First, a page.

British firm takes court action against Musk's Tesla

 

Britain's oldest green energy company, Ecotricity, has launched legal action against Elon Musk's Tesla after accusing the billionaire's electric car firm of "old world" business dealings and a "smash and grab raid" on its intellectual property.

Ecotricity, which has built an "Electric Highway" network of car charging posts, claims the American company used commercially sensitive information on installing charging stations to bypass Ecotricity and approach landlords to create its own network. It has brought an interim High Court injunction against Tesla.

The US company has a raft of highways in America dotted with charging stations that can power a car for 150 miles after a 20-minute plug-in.

Tesla opened its first UK dealership in October in the Westfield London shopping centre, Shepherds Bush, and is poised to deliver orders for its new Model S electric cars in the next two weeks.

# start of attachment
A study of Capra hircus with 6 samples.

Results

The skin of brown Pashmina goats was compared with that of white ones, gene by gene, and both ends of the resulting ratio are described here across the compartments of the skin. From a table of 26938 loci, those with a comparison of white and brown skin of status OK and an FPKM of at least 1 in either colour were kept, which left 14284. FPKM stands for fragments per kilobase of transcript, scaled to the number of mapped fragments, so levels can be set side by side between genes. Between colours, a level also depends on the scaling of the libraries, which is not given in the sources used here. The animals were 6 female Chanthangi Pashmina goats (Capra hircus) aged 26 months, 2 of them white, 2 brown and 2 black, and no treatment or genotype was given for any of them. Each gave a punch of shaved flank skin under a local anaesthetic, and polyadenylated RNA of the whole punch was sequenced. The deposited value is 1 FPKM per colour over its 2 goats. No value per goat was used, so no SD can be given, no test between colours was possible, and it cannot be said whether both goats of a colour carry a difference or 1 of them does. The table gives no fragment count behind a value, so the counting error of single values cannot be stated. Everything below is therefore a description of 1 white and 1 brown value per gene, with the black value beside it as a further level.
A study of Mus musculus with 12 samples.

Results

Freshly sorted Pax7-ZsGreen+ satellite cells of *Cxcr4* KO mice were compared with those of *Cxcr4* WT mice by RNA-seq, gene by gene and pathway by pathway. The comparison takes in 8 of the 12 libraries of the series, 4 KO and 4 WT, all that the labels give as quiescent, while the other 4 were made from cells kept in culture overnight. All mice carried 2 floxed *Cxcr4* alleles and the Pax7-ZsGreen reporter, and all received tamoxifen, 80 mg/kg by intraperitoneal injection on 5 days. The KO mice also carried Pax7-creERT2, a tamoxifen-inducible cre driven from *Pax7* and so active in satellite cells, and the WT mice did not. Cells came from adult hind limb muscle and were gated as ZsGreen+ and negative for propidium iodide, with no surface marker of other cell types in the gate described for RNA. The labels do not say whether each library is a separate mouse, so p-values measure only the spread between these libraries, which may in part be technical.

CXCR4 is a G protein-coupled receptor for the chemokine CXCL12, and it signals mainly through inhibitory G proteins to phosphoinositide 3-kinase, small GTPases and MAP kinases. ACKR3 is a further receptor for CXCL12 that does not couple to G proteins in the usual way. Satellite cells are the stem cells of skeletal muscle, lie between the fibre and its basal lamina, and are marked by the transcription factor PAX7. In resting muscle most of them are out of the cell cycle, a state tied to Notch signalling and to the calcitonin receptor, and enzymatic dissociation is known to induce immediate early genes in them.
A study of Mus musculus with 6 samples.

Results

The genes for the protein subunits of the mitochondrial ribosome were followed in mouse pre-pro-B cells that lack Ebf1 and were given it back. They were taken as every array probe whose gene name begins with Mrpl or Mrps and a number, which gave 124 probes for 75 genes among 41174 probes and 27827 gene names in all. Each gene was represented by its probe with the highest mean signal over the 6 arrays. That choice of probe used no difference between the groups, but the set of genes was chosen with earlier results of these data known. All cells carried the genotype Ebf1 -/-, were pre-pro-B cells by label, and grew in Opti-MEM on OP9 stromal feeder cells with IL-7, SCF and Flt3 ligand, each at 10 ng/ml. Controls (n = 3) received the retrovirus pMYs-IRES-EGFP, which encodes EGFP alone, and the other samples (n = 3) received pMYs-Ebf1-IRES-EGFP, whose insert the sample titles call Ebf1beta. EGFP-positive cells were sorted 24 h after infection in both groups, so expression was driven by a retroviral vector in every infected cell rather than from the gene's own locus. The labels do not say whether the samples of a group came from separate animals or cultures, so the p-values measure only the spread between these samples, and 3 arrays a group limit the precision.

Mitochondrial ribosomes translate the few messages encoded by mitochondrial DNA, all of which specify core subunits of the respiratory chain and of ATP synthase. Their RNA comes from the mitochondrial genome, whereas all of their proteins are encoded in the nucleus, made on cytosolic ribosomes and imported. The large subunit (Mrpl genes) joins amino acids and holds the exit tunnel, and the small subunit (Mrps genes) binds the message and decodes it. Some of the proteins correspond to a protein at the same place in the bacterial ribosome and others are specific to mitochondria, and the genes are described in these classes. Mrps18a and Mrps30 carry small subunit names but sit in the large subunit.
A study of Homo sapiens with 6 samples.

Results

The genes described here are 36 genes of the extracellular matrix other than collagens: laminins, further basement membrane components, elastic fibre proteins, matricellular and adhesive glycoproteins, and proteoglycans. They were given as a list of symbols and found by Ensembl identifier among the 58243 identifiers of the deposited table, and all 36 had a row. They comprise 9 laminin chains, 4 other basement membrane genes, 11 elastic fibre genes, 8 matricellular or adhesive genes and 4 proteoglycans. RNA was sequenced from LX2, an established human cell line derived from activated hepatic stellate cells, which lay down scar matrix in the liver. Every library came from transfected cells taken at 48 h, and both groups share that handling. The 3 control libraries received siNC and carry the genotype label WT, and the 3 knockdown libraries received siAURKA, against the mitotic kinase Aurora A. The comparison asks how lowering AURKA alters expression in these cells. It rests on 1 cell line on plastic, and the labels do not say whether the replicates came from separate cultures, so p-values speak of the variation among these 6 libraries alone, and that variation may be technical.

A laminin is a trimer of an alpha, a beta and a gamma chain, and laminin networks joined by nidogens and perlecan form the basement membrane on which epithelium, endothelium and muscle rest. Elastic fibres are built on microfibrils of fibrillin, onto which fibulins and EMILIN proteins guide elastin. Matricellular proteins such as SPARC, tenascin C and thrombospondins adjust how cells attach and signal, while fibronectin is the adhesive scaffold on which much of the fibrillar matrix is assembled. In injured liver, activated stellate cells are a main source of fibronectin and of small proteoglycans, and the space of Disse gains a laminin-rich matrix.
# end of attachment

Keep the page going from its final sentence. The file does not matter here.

Ecotricity showed Tesla "the best locations, introduced them to our landlords and partners and started building the first two chargers for them," said Ecotricity's founder, Dale Vince, who also described a "shocking and brutal" email from Tesla setting out plans for its own charging network. He said: "It was very dark. Tesla appears to have liked what they have seen in our Electric Highway. They liked it so much, they appear to have decided to simply take it. This is nothing more than an attempted smash-and-grab raid."

A Tesla spokesman declined to comment on the legal case but said: "Our priority is to build a network of superchargers... they will be deployed."